UK construction firm Carillion is in huge financial trouble.
The UK's second-largest construction company is shouldering a whopping £1.5bn debt pile and some fear it could collapse into administration.
The big concern is over the disruption this might cause, given Carillion holds so many government contracts - from building hospitals to managing schools.
It also employs about 20,000 people in the UK and has more staff abroad.
So how did the company get into such dire straits?
What does Carillion do?
Carillion specialises in construction, as well as facilities management and ongoing maintenance.
It has worked on big private sector projects such as the Battersea Power station redevelopment and the Anfield Stadium expansion.
But it is perhaps best known for being one the largest suppliers of services to the public sector.
Notably, it holds a contract to build part of the forthcoming HS2 high speed railway line and is the second largest supplier of maintenance services to Network Rail.
It also maintains 50,000 homes for the Ministry of Defence, manages nearly 900 schools and manages highways and prisons.
How big is it?
Very. Carillion employs 43,000 staff globally, around half of them in the UK where it does most of its business. It also operates in Canada, the Middle East and the Caribbean.
In 2016 it had sales of £5.2bn and until July boasted a market capitalisation of almost £1bn. But since then its share price has plummeted and it's now worth just £61m.
What has gone wrong for the firm?
Some argue it has over-reached itself, taking on too many risky contracts that have been unprofitable. It also faced payment delays in the Middle East that hit its accounts.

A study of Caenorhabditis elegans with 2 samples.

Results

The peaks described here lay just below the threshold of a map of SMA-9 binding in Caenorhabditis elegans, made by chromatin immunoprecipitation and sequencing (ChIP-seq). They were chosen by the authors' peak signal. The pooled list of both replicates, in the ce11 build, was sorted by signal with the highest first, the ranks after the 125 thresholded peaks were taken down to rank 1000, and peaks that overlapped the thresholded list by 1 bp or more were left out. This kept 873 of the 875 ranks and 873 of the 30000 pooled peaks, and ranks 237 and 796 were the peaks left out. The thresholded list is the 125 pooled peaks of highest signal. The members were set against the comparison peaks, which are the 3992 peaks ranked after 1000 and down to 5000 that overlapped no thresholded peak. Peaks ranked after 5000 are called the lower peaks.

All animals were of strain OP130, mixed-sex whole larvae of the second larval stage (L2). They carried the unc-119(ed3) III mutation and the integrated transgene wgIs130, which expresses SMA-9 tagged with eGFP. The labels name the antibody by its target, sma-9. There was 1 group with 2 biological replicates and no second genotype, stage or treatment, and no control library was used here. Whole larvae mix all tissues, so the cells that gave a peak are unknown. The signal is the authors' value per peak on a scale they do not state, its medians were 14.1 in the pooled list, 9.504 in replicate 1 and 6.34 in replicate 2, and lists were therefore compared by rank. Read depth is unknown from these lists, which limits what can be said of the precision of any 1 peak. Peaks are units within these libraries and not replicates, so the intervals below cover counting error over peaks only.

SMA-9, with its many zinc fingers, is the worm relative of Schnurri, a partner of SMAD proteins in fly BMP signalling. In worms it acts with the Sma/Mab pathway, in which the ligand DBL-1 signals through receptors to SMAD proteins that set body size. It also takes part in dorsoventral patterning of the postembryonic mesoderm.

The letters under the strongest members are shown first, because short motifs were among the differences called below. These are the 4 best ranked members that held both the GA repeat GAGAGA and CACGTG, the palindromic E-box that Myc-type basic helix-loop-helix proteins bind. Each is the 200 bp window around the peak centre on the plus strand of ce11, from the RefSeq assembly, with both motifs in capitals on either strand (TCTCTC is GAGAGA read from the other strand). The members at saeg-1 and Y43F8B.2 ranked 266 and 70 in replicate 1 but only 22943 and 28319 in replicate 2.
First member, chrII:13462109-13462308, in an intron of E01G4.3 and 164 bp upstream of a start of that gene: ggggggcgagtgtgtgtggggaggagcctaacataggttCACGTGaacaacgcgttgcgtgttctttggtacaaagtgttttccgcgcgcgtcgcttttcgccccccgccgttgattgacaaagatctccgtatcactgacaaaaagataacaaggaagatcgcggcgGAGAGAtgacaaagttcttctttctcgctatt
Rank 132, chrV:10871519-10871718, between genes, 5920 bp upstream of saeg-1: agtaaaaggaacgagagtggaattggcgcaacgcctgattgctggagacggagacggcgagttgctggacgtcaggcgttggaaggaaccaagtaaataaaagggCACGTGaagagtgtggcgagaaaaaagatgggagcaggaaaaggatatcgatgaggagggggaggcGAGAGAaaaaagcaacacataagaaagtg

Last year it issued three profit warnings in five months and wrote down more than £1bn from the value of contracts.
This has made it much harder to manage its mountainous £900m debt pile and £600m pension deficit.
In December the firm convinced lenders to give it more time to repay them.
However, the company's banks, which include Santander UK, HSBC and Barclays, are understood to be reluctant to lend it any more cash.
Why does it matter if it collapses?
As Carillion is such a big supplier to the public sector, some fear its collapse would cause a lot of disruption.
Labour MP Jon Trickett told parliament that if it went under, it would risk "massive damage" to a range of public services.
Thousands of jobs also hang in the balance. Unions have said workers do not deserve to be caught in the crossfire and have urged the government to safeguard their jobs and bring Carillion's contracts back in house.
The government has said that "contingency plans are in place" and it is closely monitoring the situation.
The big question is who would pick up the firm's loss-making public contracts if it went under - another outsourced services provider or the government itself?
Or would the government - which says Carillion continues to do good work on projects like Crossrail - be prepared to provide emergency financial support until it gets its house in order?
Analysts say Carillion has a large order book of business lined up, but will be unable to deliver it unless its cash flow problems are resolved.